Rodeo a go, but capacity in limbo
After a year of waiting due to the COVID-19 pandemic, the St. Paul Rodeo will return June 30 through July 4, bringing with it all the history and tradition the annual rite typically has in store. What the rodeo and surrounding events will ultimately look like, however, remains uncertain due to state and countywide restrictions.
"What guides us is our mission, which is supporting our community by producing a world class rodeo," St. Paul Rodeo general manager Cindy Schonholtz said. "We're trying to do that by starting with the rodeo itself and moving outward as restrictions allow us to have different events around the rodeo."
Rodeo officials started ticket sales last year but put them on pause due to potential capacity limits and the uncertain nature of the pandemic. Tickets will go back on sale to the general public once the plan for capacity is determined.
If it were held today, the rodeo grounds could only hold 15 percent of its capacity due to Marion County being considered "High Risk" by the Oregon Health Authority. That is expected to change significantly in the next month, Schonholtz said.
"We have to make a decision regarding the midway, parade and the carnival," she said. "We know we are going to have vendors and food vendors outside, along with a tent that is an extension of the Tack Room Saloon. We're waiting on a final decision about the rest until we get word from the state and county."
If the state reaches Gov. Kate Brown's 70% threshold of people having received at least one dose of a COVID-19 vaccine, or Marion County hits 65%, then the rodeo will be able to operate at 50% capacity because Marion County will be considered "Low Risk." A larger event surrounding the rodeo with more fanfare provides additional incentive for fans throughout the state to get their shot.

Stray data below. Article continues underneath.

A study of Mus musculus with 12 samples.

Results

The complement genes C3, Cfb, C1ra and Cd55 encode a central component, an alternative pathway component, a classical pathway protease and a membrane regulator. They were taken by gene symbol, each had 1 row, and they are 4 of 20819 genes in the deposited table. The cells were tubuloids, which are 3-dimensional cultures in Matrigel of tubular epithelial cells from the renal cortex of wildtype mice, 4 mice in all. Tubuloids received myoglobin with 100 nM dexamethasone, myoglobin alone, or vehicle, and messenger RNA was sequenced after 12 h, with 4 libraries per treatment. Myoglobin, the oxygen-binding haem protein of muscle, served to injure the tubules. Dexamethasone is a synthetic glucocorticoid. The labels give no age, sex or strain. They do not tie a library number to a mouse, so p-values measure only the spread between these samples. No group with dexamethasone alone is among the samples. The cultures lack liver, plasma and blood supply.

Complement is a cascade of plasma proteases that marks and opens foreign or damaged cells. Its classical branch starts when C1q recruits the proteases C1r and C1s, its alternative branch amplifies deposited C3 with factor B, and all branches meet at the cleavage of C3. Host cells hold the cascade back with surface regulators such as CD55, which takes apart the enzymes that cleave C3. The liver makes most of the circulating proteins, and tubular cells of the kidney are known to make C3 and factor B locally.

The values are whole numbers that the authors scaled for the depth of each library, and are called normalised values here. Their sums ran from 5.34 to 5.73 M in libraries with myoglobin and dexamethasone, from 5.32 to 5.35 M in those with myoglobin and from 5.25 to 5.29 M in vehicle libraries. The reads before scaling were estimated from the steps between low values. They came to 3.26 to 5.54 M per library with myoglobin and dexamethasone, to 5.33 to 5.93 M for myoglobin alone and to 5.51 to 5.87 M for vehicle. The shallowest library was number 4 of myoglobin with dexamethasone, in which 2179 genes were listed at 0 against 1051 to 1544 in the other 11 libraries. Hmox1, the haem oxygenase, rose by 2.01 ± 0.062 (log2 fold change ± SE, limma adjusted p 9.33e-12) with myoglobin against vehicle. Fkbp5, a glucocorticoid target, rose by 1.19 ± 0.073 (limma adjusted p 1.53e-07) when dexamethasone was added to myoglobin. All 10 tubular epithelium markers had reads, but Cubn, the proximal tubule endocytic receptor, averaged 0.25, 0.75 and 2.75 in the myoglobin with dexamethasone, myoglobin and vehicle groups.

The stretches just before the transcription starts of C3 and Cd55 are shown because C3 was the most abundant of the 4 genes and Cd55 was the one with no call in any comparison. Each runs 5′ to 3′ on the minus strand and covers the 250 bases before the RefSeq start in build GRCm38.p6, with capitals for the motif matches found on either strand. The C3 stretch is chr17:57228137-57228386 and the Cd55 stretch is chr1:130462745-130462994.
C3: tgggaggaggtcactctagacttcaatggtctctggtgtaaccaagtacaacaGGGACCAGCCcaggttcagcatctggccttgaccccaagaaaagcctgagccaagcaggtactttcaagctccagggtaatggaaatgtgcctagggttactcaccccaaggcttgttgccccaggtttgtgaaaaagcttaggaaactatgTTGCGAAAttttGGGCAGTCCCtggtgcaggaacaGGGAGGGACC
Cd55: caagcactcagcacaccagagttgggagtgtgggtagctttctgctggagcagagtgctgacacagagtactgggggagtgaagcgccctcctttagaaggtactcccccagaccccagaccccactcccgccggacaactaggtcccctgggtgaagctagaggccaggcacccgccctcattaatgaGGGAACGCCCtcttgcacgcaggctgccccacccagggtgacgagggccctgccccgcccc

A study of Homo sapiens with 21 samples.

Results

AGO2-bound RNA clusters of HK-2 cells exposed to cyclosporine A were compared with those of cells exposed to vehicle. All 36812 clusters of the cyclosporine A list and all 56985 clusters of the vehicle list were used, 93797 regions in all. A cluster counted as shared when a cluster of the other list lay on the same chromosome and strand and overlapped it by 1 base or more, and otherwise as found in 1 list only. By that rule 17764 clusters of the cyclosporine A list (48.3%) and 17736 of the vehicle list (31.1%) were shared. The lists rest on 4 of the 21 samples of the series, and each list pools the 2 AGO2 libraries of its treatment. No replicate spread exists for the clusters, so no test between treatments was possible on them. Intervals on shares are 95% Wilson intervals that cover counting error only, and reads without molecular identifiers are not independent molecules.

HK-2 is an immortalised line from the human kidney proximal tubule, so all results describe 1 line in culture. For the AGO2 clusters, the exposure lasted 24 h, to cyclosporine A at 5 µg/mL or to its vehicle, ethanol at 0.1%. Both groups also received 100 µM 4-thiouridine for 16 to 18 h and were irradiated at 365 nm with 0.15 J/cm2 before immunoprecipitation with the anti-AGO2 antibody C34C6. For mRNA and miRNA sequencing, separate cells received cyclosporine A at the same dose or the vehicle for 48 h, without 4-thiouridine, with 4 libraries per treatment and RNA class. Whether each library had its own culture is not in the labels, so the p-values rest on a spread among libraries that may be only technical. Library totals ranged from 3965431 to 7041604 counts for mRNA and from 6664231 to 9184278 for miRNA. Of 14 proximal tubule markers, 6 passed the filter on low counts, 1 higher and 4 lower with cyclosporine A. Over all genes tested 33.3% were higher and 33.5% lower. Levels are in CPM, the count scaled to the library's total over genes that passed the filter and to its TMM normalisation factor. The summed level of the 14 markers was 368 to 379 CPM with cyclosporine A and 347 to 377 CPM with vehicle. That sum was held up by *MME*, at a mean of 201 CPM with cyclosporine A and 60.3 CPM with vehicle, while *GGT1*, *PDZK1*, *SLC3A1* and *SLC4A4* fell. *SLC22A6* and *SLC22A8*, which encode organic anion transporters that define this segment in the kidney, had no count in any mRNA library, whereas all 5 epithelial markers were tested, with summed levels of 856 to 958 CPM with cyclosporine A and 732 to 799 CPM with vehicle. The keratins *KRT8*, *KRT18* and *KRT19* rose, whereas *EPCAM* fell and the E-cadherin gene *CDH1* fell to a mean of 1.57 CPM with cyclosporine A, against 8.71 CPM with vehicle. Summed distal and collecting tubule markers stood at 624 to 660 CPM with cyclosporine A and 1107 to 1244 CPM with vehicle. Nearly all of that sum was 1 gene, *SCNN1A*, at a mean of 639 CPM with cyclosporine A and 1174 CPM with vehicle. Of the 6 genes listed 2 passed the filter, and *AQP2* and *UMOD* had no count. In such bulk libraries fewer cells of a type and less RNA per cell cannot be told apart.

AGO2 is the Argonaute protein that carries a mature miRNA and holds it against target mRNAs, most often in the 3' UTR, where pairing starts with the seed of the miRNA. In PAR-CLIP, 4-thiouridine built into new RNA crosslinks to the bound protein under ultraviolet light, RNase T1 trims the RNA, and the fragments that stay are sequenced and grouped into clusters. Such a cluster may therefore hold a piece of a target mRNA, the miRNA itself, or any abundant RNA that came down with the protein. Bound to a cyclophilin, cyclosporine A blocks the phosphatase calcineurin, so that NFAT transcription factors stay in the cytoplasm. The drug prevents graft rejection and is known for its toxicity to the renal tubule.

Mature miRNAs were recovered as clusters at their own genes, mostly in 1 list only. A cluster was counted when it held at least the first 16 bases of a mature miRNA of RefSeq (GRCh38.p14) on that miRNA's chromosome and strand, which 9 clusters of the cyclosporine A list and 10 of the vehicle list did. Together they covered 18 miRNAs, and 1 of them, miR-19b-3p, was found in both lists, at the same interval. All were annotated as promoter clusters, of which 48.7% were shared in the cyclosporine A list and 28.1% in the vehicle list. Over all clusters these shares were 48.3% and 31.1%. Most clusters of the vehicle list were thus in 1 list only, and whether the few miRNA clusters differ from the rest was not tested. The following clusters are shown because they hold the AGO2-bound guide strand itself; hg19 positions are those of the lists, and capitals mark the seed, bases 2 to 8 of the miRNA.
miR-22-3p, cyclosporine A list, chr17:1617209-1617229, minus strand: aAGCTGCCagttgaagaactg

The expectation at this point is that rodeo-goers won't have to provide proof of vaccination or a negative COVID-19 test for entry, though, nor will they likely have to wear masks in outdoor spaces. Indoor areas may require masks or potential proof of vaccination as some restaurants have done, but nothing is set in stone quite yet and rodeo officials are hesitant to encourage vaccination among those in the community, calling it a "private matter."
"We are open in the fact that a lot of what we do depends on the vaccination level, both in the state and in Marion County specifically," Schonholtz said. "We're not quite comfortable in giving people advice on whether or not to have a vaccine, but we will let them know what it means for us in our ability to host a larger event. Those numbers matter for us."
The financial challenges of not having a rodeo in 2020 were met with massive support from sponsors and community members, Schonholtz said. A grant from the Oregon Cultural Trust made up some of the expenses around maintaining the rodeo grounds.
No matter how many people are allowed into the rodeo come late June and early July, the overall support for the event remains as strong as it's ever been, Schonholtz said. And fan interest in tickets remains high as they await word on capacity.
"We are very fortunate that our sponsors have stepped up, even though they don't know how many people we'll be able to have," she said. "That's obviously a big part of why they want to be a sponsor. As a whole they've said they believe in our mission and are with us no matter what, and that has meant a lot to us."